It’s taken a while for us all to catch up. But now scholars and policy experts, advocates and organizers, civil servants and elected officials are starting to weigh the perils of 21st century monopoly power and what to do about it. Break ’em up? Regulate the digital economy?
Antitrust, the area of law and public policy that addresses these perils and promotes market competition, is suddenly a hot topic. As of last Wednesday, Facebook faces lawsuits from the Federal Trade Commission and dozens of states. Amazon could be next. Antitrust, trained on Big Tech, will be one of the big, contentious issues of 2021 and beyond.
So, I decided this was a good time to dig in and figure out what the fuss is all about. The result? A six-part series on Amazon and antitrust. When I set out, I had plenty of big questions running through my mind: When does a corporation go from being really good at capitalism to breaking the law? Who draws that line, and how? Why did regulators let Big Tech get so powerful in the first place? Would a dozen smaller Amazons be any better than one enormous Amazon?
As I poked around online, most the articles I found didn’t get to the heart of my questions. So, in my own series, I took a deeper dive into the history of monopoly and antitrust. In the second, third and fourth columns, we travel all the way back to ancient times and then wend through the past 150 years, exploring how antitrust law and attitudes toward corporate power have shifted, often dramatically, with the growth of capitalist markets and under the influence of economic crises, social movements and political ideologies.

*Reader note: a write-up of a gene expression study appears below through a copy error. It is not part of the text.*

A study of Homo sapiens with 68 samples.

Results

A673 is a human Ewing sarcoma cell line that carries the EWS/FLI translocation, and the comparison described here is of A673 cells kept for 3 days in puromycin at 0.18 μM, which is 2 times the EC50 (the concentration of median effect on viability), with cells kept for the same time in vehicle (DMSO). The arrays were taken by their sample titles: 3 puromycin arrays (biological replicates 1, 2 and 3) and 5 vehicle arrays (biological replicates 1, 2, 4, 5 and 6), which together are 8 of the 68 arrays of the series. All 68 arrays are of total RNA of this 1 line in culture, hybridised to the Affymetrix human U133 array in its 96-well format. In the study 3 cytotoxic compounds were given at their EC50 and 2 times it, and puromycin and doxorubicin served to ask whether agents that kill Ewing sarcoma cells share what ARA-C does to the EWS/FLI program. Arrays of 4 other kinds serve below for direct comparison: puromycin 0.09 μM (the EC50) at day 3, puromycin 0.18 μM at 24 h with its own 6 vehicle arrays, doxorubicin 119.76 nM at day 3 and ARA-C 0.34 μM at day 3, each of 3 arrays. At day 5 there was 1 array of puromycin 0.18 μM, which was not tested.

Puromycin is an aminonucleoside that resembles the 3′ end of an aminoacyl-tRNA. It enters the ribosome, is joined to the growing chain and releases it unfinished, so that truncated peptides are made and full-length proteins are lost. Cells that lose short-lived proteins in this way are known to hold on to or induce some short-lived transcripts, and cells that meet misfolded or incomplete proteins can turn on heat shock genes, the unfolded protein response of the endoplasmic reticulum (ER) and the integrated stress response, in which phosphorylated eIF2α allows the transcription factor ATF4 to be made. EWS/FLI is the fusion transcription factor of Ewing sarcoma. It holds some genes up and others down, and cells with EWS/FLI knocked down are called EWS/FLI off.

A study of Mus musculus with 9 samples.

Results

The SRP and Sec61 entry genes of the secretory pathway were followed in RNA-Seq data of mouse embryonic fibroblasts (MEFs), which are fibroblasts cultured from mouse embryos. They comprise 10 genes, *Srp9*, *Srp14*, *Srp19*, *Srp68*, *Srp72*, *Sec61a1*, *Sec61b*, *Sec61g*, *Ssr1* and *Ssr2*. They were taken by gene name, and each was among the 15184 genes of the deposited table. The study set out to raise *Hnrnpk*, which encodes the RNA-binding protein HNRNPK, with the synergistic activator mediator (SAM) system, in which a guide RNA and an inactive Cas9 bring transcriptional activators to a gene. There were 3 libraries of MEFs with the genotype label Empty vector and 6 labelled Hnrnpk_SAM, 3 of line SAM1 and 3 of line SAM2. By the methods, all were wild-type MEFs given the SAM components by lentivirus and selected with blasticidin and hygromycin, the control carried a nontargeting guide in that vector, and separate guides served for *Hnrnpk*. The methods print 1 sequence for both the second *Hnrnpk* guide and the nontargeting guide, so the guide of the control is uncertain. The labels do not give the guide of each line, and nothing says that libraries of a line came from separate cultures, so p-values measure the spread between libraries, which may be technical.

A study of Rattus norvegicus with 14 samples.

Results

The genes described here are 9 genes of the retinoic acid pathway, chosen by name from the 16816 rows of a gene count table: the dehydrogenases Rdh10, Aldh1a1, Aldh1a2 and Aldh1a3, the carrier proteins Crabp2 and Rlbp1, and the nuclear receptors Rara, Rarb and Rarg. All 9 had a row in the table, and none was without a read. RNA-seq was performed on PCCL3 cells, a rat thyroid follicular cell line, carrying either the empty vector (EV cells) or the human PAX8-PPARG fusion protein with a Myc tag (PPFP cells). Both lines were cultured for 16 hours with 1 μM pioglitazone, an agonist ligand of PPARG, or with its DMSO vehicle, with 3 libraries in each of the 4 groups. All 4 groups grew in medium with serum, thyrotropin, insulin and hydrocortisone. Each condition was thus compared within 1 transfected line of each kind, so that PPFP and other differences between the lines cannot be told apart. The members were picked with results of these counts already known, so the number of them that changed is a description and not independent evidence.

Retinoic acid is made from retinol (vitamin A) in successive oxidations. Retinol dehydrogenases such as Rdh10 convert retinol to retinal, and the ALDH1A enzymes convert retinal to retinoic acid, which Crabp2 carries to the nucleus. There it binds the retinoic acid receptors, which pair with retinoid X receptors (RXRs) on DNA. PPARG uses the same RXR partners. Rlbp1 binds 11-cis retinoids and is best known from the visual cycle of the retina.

Column number five homes in on Amazon, discussing how the company throws its weight around and what could happen to it if Congress and the antitrust enforcement agencies start playing offense. Jeff Bezos’ empire is unique in how it is rapidly reshaping not only the digital world but our tangible, physical world too. Of all the tech giants, it is Amazon and its voracious, seemingly limitless appetite for expansion that invites us to ask the biggest questions about the future of our economy and our society. In the final column of the series, I take an imaginative — and, I hope, illuminating — journey to the future, to see what might happen if we let Amazon run the world.
Each of these columns stands alone, though of course I hope you’ll read them all and let me know what you think. Bon voyage!
(Disclosure: The organization the author works for, the Transit Riders Union, is a member of a coalition that is critical of Amazon on many issues including antitrust.)